Brent futures rose to the highest in nearly a month above $105 per barrel on Monday as an Israeli air strike on a Syrian military facility over the weekend stoked supply disruption worries from the Middle East.
Israeli officials said its second raid in days was aimed at stopping Lebanon's Hezbollah, an ally of Iran, from acquiring weapons that could be used to strike Tel Aviv if Israel follows through on threats to attack Iranian nuclear facilities. Iran denied its missiles were destined for Hezbollah and called on the region to unite against Israel.
Brent crude touched $105.49 a barrel, the highest since April 11, and was up 84 cents at $105.03 at 3.24am GMT. The contract extended Friday's gains that after better-than-expected job growth was reported in top oil consumer, the United States.
U.S. oil rose $1.11 to $96.72, after ending 1.7 percent up on Friday.
"Rising geopolitical worries have increased the risk premium on oil and the fear is that the Israeli attack is going to lead to a wider involvement of other nations in the Syrian conflict,” said Victor Shum, an oil consultant at IHS in Singapore. "That’s allowing oil to extend gains made on the back of strong jobs data in the United States."
U.S. payrolls rose more than expected in April, pushing the unemployment rate to a four-year low of 7.5 percent, easing concerns about a sharp slowdown in the economy. A revision also showed hiring was much stronger than previously thought in the prior two months, giving further relief to nervous investors.
The Dow and S&P 500 advanced to all-time closing highs on Friday as a result, and Asian shares and Shanghai copper gained on Monday as investors were willing to take on more risks.
The upside for oil is still likely to be capped by lingering worries over demand growth as the global economic outlook remains bleak amid ample supplies. Those twin factors may hold oil back from rising much from current levels and prompt investors to take profits from the surge unless the situation in the Middle East worsens, Shum said.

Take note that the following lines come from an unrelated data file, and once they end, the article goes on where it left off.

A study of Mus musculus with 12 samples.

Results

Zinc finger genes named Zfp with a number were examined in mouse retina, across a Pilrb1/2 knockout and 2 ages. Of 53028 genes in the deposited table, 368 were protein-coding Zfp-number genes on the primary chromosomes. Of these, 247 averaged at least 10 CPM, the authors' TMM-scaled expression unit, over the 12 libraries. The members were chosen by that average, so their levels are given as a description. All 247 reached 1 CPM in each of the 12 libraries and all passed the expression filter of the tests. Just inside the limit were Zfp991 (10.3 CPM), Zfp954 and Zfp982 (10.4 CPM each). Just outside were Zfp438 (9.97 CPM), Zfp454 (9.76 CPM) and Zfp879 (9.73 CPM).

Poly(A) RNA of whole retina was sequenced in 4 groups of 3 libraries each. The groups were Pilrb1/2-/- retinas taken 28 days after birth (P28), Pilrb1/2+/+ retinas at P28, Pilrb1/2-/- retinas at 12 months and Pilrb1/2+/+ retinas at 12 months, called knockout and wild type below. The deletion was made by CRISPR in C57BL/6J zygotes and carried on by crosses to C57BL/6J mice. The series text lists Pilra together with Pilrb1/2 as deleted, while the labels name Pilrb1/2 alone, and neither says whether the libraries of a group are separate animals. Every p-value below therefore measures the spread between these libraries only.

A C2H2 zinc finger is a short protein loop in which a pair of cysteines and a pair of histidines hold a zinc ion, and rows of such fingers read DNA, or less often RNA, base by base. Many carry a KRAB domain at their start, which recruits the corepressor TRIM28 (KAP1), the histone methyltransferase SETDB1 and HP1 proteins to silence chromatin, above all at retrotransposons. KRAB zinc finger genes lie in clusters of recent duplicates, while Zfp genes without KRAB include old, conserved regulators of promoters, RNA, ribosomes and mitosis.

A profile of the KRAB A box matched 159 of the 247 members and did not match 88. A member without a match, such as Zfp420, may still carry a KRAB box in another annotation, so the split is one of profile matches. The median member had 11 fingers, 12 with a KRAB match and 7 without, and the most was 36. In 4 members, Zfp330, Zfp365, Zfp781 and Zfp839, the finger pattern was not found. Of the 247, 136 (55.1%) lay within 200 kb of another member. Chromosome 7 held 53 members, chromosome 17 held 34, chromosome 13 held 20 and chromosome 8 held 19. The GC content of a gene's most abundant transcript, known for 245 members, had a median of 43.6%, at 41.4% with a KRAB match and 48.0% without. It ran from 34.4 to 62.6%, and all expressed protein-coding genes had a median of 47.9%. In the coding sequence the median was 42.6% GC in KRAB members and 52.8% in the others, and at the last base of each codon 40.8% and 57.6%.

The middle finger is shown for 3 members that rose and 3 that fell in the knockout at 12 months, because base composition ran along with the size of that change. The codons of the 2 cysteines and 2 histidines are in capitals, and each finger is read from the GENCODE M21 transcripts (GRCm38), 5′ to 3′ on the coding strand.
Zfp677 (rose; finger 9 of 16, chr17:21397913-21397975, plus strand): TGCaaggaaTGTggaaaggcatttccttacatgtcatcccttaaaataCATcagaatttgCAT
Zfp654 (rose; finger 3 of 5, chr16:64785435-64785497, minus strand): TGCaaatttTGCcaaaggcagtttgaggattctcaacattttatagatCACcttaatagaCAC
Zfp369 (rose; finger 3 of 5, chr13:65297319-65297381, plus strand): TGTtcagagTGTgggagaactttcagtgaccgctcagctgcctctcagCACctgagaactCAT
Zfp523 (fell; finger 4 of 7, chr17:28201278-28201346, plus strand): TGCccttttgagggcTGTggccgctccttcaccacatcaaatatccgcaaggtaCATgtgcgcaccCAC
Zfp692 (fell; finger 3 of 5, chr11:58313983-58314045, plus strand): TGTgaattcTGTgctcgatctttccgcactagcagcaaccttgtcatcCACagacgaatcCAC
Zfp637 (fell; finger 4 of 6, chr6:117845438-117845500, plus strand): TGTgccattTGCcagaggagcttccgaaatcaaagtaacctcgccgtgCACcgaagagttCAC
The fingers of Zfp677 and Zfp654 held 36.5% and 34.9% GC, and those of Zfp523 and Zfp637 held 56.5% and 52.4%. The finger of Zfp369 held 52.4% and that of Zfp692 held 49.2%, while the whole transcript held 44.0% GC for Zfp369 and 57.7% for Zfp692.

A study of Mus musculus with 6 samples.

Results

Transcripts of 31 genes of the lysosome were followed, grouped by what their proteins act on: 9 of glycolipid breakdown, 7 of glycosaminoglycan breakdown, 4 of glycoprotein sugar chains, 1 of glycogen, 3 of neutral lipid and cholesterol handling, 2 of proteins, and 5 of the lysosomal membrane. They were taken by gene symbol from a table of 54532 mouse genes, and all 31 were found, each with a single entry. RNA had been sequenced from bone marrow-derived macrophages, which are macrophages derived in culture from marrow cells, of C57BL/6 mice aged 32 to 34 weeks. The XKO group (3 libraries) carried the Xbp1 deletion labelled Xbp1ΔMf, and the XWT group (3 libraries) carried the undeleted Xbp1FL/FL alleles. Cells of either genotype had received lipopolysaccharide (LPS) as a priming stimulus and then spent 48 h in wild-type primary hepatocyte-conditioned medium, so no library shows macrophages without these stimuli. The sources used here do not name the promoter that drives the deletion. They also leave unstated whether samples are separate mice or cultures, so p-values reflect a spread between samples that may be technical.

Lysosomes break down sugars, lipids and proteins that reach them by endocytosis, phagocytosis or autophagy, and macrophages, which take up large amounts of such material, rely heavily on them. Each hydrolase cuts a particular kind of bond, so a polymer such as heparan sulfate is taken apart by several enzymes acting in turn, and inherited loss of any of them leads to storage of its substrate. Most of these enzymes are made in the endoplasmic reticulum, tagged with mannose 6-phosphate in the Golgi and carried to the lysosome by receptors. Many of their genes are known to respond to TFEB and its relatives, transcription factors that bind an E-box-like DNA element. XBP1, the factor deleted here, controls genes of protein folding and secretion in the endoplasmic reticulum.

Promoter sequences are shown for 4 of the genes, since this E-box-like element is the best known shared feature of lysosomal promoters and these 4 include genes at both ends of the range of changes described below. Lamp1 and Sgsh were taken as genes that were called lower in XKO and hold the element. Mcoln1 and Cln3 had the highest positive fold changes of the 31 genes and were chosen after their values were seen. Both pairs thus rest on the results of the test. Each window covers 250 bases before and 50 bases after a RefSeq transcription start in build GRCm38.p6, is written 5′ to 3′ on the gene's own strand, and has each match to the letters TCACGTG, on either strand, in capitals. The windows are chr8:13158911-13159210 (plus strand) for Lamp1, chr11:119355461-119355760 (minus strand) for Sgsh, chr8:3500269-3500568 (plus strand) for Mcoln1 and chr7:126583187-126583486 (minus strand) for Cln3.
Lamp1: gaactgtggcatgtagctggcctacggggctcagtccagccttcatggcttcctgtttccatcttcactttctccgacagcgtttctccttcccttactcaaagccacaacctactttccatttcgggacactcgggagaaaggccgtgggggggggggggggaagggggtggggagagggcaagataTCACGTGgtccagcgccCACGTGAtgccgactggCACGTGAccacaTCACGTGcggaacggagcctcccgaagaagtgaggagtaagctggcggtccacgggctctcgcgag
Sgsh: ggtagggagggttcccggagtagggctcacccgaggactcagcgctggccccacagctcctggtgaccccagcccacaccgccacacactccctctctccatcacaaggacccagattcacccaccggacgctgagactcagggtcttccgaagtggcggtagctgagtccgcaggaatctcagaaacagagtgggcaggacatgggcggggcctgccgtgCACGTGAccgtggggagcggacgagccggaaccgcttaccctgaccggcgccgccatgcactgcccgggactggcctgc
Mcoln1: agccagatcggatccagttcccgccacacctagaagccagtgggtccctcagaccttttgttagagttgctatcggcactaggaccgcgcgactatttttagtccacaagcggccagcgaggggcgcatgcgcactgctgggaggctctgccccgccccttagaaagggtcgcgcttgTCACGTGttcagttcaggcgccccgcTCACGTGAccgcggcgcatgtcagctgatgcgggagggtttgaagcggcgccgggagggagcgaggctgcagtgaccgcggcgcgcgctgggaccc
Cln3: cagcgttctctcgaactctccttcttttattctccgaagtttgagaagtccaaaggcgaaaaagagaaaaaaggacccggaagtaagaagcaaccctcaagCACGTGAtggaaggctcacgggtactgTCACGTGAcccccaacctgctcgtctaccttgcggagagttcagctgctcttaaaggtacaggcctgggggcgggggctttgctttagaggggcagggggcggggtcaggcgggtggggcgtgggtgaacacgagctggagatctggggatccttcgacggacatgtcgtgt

"The market today lacks physical tightness," said Shum. "So if you keep the latest geopolitical worries aside, there is no reason for prices to be where they are. If the situation does not worsen, we may see investors take profit from the rise."
Brent has gained as much as 9 percent in less than three weeks since the intraday low of $96.75 a barrel for the year, touched on April 18. It rose to a high of $119.17 on Jan. 2.
Weak economic data from the world's second-biggest oil consumer China and Europe's prolonged debt crisis have weighed on prices.
China's export growth is expected to slow to around 10 percent in the second quarter from 18 percent in January-March, the official China Securities Journal reported on Monday.
"Although the external environment facing China has improved, our country's strong export growth rate cannot be sustained as demand is still not strong and trade protection rises," the paper quoted a report from the State Information Office.
That could signal further reason for investors to worry about China's energy and raw materials demand.
Brent looks exhausted and may retrace to $104.30, while U.S. oil may fall to $95.72, as it faces a resistance at $97.05, according to Reuters’ technical analyst Wang Tao.